Mali’s opposition has vowed to stage nationwide protests on Tuesday, seeking the ousting of embattled President Ibrahim Boubacar Keita after a lull in a six-month crisis rocking the fragile Sahel state.
Addressing reporters in the capital Bamako, opposition figure Choguel Maiga on Friday said that there would be nationwide rallies to demand Keita’s resignation, and urged civil disobedience.
“We will stage decentralised protests in the six communes of Bamako, in the regional capitals, and in the diaspora,” he said.
Keita has come under increasing pressure from the so-called June 5 Movement, which has channelled deep anger over a dire economy, perceived graft and the government’s failure to quash a brutal jihadist conflict.
The group is named after the date of its first mass protest against the president.
A subsequent protest on July 10 turned violent, precipitating the current impasse. Eleven people died in clashes with security forces over the following days.
According to reports, in a bid to defuse tensions, leaders from the West African bloc ECOWAS last month proposed a unity government, among other measures.
But the June 5 Movement rebuffed the offer and continued to demand Keita’s departure.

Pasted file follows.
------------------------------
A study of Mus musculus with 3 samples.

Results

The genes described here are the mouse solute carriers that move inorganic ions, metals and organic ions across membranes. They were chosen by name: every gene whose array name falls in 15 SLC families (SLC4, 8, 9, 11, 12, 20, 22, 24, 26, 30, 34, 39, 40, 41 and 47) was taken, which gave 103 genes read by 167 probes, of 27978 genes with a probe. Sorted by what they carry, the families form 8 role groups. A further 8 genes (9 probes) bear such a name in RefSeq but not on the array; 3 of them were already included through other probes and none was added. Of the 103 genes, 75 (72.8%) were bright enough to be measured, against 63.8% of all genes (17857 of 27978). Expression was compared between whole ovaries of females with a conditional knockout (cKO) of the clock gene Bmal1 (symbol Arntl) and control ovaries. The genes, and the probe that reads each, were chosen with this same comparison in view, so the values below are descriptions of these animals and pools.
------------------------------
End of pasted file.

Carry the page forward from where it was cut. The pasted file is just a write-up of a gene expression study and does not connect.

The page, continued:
The loose coalition of opposition group and religious leaders declared a truce until the end of the Muslim Eid al-Adha festival, however.
At the conference on Friday, another June 5 Movement leader, Mountaga Tall, said Tuesday’s rally will be a “record demonstration”.
Successive protests have shaken the 75-year-old president’s grip on power, as he was already facing increasing pressure to end Mali’s jihadist conflict.
The country has been struggling to contain an Islamist insurgency that first emerged in the north in 2012, before spreading to the central Mali, and to neighbouring Burkina Faso and Niger.
Thousands of soldiers and civilians have been killed in the conflict to date and hundreds of thousands have had to flee their homes.